Visa International has begun working with General Instrument Corp. to make smart cards compatible with cable television set-top boxes.
The companies announced an agreement last month to incorporate the Visa Open Platform technology in General Instrument's broadband digital network system.
General Instrument, known as GI, claims the largest share of the set-top market, which has long shown an interest in smart cards as potential customer identification, authentication, and payment devices.
Set-top boxes are examples of "thin client" devices tied to networks that could help spread electronic commerce capabilities to a mass audience, perhaps abetted by smart card slots. But the dearth of chip cards in the United States means that the card-readiness of certain appliances-such as Microsoft Corp.'s WebTV terminals-is not taken advantage of.
General Instrument committed itself to putting smart card readers into advanced interactive set-tops with built-in cable modems. It has already shipped two million digital boxes without smart card slots.
The Horsham, Pa., company said cable operators have requested smart card capabilities in high-end systems.
"Most cable operators are convinced that it's valuable and are willing to commit to the smart card," said Denton Kanouff, GI's vice president of marketing for digital network systems.
"The demand for smart card cable-tops is going to increase over the next five or six years," he said, "as more and more compelling applications require the use of smart cards."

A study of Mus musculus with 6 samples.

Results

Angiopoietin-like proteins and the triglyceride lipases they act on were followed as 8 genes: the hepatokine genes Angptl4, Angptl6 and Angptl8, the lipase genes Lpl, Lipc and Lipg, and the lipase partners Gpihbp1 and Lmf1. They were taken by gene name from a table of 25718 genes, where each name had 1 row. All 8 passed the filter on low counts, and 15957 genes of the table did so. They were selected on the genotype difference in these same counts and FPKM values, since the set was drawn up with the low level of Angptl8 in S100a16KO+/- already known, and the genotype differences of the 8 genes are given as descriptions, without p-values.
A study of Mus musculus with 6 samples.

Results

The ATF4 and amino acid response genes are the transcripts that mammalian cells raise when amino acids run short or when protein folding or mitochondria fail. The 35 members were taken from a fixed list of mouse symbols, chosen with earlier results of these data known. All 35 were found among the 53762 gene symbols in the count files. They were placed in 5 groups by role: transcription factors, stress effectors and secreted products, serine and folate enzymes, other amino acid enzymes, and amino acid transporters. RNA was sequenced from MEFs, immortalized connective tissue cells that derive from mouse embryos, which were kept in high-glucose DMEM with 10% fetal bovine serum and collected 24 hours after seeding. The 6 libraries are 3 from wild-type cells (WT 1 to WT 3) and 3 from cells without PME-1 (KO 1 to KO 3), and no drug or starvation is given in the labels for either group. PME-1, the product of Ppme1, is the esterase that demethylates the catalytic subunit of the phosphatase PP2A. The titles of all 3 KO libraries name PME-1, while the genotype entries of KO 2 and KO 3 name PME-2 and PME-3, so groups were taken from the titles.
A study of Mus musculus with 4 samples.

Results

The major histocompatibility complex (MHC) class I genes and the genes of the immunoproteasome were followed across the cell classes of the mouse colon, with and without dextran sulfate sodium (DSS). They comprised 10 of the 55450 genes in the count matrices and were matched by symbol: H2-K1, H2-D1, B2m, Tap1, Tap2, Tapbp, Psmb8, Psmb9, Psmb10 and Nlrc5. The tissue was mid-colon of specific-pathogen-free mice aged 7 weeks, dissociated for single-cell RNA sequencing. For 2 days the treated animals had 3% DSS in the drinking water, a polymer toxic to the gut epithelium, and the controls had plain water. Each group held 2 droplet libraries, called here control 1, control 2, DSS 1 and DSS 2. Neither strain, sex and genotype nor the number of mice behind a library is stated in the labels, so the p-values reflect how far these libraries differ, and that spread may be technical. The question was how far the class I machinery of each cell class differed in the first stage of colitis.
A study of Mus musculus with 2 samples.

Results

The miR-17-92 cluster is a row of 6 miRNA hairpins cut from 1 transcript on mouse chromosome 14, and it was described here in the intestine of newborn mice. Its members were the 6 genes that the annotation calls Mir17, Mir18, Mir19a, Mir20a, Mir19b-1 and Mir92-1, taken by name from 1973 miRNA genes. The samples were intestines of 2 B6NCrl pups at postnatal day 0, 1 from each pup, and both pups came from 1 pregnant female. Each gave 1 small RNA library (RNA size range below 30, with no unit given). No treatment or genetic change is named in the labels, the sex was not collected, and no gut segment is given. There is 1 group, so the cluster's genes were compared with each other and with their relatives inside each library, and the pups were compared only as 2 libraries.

Visa and GI plan to jointly develop prototypes and run market tests. GI would provide the digital set-tops and network systems, while Visa would ensure that systems process payments and other smart card applications.
The smart card boxes, which cost $400 apiece, are scheduled for availability by midyear. They would allow users to simultaneously watch television, surf the Internet, and make a voice phone call.
Smart cards could be used in paying for movies, doing home banking and shopping, getting electronic coupons, and controlling TV-program access.
"The smart card slots give (the set-tops) that much more functionality and value," Mr. Kanouff said.
Set-tops, personal computers, digital assistants and laptops, and mobile telephones are all regarded as promoters of smart card distribution. In November, the European Telecommunications Standards Institute said it would use the Visa Open Platform as the basis for a specification on remote loading of card applications on GSM phones. The GSM standard requires a chip to authenticate the subscriber.
"Visa's interest is in fundamentally ensuring that there are standards in the industry across a multitude of devices," said Linda Kasper, vice president of emerging technologies at Visa in San Francisco.
Dale Reistad, a veteran bank technology consultant who is chairman and chief executive officer of Finsys International in Alexandria, Va., said companies are "now taking this (smart card) combination seriously."
"It's not a new idea, but now the time is right," he said. "Any time Visa, MasterCard, American Express, or Discover get behind something like this, then it's likely to burst forth in a short time frame."
Mr. Kanouff said GI is in talks with other financial organizations as well, but its first signed agreement is with Visa.